Kutcher & Kozal, LLP


Convention and Visitors Bureau Santa Monica

 

By Niki Cervantes
Staff Writer

July 27, 2016 -- After months of public opposition, a plan to improve Santa Monica's Big Blue Bus (BBB) service to Venice now that Expo Light Rail has arrived is being replaced with routes viewed as safer and more compatible with daily life in the community, officials reported Monday.

As of August 1, the BBB system will stop for passengers on Abbott Kinney Boulevard in Venice, which is much wider and has a better mix of residential and commercial uses than Ocean Avenue, which is the current route.

“The benefit of making this change is that service is moved on to a wider street in response to neighborhood and stakeholder requests that buses stay on major streets and streets without speed bumps as much as possible,” according to a report by Edward F. King, director of transit services, to the City Council.

Picture of Big Blue BusCourtesy Santa Monica Big Blue Bus
“Ocean Avenue, where Route 1 is currently running, is predominantly 30 feet wide and has speed bumps,” King said. “Conversely, Abbott Kinney Blvd south of Venice Boulevard where Route 18 will run is predominantly 55 feet wide and does not have speed bumps.

Abbott Kinney, King added, "is also expected to cause less impact to area residents."

Restructuring bus service in Venice is part of the BBB “Evolution of Blue Plan,” which is meant to better mesh Venice with the new Expo Light Rail extension into Santa Monica. The City Council approved the plan April 28, 2015, well before Expo’s start date on May 20 this year.

The report said the second phase of the “Evolution Plan” started this February, expanding service to key destinations, such as Venice’s Abbot Kinney and to Marina Del Rey, along with regional connections to the new Light Rail stations.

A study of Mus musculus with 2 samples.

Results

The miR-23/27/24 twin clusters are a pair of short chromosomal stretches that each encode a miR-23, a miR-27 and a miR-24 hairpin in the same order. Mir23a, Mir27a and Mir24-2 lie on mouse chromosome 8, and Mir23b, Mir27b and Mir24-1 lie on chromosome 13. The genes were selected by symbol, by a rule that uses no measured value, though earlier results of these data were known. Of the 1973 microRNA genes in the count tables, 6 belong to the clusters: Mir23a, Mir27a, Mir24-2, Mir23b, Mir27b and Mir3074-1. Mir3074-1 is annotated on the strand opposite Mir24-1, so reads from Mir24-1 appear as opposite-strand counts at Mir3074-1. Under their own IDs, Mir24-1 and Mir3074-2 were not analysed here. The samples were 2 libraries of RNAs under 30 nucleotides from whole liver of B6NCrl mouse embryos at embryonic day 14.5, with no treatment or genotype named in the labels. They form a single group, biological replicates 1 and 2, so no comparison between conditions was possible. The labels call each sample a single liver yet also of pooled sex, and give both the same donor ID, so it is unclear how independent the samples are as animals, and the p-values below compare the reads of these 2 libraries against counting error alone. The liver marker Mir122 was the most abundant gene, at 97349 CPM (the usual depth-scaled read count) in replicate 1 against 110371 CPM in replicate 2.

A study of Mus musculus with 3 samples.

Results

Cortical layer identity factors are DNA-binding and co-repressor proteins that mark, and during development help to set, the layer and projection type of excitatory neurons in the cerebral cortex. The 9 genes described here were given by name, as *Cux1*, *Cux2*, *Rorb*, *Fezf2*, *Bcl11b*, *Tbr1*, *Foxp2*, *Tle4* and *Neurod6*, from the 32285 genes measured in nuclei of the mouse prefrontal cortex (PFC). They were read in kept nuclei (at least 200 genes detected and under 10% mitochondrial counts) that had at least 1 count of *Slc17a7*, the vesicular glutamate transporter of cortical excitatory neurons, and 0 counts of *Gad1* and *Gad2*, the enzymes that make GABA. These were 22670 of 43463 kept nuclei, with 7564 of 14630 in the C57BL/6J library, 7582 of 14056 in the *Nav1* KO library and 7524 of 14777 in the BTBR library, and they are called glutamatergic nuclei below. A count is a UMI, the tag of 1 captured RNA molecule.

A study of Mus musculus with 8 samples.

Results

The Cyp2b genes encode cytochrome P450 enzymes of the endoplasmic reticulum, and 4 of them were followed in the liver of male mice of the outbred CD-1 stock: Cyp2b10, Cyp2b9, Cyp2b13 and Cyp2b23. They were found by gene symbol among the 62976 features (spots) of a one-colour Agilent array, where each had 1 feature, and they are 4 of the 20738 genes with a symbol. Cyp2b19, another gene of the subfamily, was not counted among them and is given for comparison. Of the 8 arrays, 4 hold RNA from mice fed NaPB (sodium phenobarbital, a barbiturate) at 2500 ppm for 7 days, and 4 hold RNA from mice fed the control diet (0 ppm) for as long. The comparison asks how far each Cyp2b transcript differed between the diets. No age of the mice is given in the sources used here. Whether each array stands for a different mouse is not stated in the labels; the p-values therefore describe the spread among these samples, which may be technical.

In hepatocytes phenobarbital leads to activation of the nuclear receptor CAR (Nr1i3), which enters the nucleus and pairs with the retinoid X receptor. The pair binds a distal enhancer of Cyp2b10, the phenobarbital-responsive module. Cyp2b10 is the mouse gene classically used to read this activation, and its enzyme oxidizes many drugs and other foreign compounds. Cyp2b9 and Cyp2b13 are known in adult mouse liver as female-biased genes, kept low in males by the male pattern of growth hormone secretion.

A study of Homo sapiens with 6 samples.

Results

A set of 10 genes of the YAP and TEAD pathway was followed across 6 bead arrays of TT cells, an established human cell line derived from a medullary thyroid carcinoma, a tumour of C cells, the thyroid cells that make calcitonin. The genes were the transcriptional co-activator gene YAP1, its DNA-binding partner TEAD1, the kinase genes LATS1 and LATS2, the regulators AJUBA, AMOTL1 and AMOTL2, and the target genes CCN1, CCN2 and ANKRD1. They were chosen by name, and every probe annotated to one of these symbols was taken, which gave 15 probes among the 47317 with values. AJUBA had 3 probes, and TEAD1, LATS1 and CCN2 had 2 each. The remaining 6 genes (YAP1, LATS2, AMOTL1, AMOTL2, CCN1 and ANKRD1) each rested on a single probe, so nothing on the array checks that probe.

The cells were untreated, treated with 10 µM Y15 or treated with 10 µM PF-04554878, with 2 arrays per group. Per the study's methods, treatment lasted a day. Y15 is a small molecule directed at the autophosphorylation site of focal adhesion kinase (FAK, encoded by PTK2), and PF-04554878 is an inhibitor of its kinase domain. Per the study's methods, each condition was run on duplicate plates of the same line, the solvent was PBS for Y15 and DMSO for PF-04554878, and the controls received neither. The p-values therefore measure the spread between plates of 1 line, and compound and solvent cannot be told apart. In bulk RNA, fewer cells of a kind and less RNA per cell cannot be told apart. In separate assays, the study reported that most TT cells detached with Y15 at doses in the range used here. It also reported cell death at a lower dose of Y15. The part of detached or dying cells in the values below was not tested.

BBB also changed service on Route 1 and Route 18, “the culmination of years of planning” to connect Venice, Oakwood, Marina Del Rey and the Expo Line, transit officials said.

But public reaction was far from uniformly positive.

Although King said Venice’s four BBB routes were boarded or exited an average of more than 4,000 times daily, complaints were growing in Venice.

Some residents didn’t like the inconvenience, potential safety hazards or congestion caused by 40-foot long buses in Venice’s residential core.

Others complained about the placement of stops and about safety, and also accused the BBB and Los Angeles Council Member Mike Bonin (whose district includes Venice) of not vetting the new lines with Venice residents first.

There also were concerns that the buses could bring crime and lower property values.

King said there is no evidence to support those fears.

“Big Blue Bus runs routes on many streets that are congested, residential, and narrow,” his report noted. “These conditions do not make a street inappropriate for public transit bus service under the law.

"There are also no documented losses in real estate value, increased accidents, or new social problems that develop as a result of adding bus service.”

Starting next month, the BBB will truncate Route 1 at Windward Circle and remove service from Venice Way and Ocean Avenue. It also will extend Route 18 to the Marina Peninsula by way of Abbott Kinney Boulevard to Washington Boulevard to Via Marina.

The change "in essence moves the Marina Del Rey to Expo service from Route 1 to Route 18,” King’s update said.

In reaction to complaints that bus announcements are too loud, transit officials also lowered the volume depending on the time of day and is turning the sound off entirely when it can, King said.

Community members are asked to report volume problems, including the bus number, date, and time through the online feedback form at bigbluebus.com (under “Contact Us”) or by calling 310-451-5444. BBB will investigate, he said.

Worries that the buses pose a threat to pedestrians and cyclists is unfounded, King said, adding that "BBB shares the roadway along many high-density bicycle corridors.

He also disputed claims that Santa Monica transit officials and others didn’t involve the Venice community enough before deciding on the routes.

The BBB conducted three surveys in 2014 and 2015, King said, that garnered 76 local responses, although 271 others made comments as well.

Neighborhood councils held three public meetings in Santa Monica and Los Angeles attended by 119 people, the BBB hosted a public study session and a public hearing and also sent letters to property owners adjacent to bus stops before service started, King said.